Regular exercise as a way of promoting health can be traced back at least 5,000 years to India, where yoga originated. In China, exercises involving martial arts, such as t'ai chi, qigong, and kung fu, developed possibly 2,500 years ago. The ancient Greeks also had exercise programs 2,500 years ago, which led to the first Olympic games in 776 B.C. Other exercise routines have been in use throughout Asia for hundreds of years.
Only within the last 100 years have the scientific and medical communities documented the benefits that even light but regular exercise has on physical and mental health.
The earliest forms of exercise stressed activities that involved stretching and light muscle resistance. Next came martial arts that promoted self-defense. In nearly all forms of Asian exercise routines, some type of meditation was a major component because the ancients believed physical and mental health went together. The ancient Greek and Roman civilizations advocated vigorous physical activity since exercise was associated with military training. The Greeks also believed that a healthy body would promote a healthy mind.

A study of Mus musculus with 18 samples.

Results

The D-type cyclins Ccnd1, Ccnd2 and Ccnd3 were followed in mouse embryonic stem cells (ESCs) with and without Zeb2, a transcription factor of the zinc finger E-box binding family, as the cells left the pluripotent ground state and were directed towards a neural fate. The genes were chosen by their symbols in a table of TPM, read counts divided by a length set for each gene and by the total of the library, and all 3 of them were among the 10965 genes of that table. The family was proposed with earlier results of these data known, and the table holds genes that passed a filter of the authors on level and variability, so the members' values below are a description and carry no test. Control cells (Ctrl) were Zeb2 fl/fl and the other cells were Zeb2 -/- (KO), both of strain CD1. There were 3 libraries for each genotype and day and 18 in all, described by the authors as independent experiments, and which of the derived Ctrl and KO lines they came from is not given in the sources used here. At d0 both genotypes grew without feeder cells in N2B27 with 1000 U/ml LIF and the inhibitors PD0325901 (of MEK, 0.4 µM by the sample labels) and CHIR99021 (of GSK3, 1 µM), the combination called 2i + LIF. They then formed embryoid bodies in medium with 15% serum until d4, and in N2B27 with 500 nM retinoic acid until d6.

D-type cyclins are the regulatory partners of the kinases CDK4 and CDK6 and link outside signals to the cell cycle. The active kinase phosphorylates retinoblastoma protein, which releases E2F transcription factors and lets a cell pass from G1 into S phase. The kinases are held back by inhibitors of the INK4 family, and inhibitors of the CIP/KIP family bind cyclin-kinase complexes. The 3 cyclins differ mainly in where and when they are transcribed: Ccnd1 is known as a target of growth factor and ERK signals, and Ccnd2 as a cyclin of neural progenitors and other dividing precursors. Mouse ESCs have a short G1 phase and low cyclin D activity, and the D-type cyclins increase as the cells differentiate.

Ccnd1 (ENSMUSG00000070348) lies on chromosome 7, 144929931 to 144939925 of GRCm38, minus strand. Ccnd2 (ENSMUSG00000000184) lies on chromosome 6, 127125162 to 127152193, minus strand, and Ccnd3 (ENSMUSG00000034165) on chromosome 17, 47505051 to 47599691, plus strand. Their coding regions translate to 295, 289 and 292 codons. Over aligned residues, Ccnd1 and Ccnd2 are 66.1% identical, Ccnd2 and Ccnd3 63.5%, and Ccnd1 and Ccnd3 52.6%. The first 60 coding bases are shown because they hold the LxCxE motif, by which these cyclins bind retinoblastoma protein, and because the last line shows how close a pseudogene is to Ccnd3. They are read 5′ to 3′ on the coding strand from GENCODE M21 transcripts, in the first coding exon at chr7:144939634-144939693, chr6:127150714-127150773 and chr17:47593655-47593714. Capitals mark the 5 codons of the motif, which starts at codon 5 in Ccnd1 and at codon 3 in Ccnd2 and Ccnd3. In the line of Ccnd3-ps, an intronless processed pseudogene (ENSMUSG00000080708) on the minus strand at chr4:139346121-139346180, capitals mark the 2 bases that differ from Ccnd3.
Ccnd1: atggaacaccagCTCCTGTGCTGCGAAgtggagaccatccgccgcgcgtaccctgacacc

"Physical culture" was popular in the nineteenth and early twentieth centuries. Medical journals showed exercise machines in the 1800s in Europe and North America. Although weight training became popular with a small number of people in the 1940s, it was not until the 1960s that regular exercise programs began to flourish throughout the United States. Gymnasiums, once used mainly by male weight lifters and boxers as training facilities, now are common throughout the United States. Today's gyms and health clubs offer a wide range of exercise activities for men and women that can fit every lifestyle, age group, and exertion level.
Author Info: Ken R. Wells, Teresa G. Odle, The Gale Group Inc., Gale, Detroit, Gale Encyclopedia of Alternative Medicine, 2005This feature is for informational purposes only and should not be used to replace the care and information received from your healthcare provider. Please consult a healthcare professional with any health concerns you may have.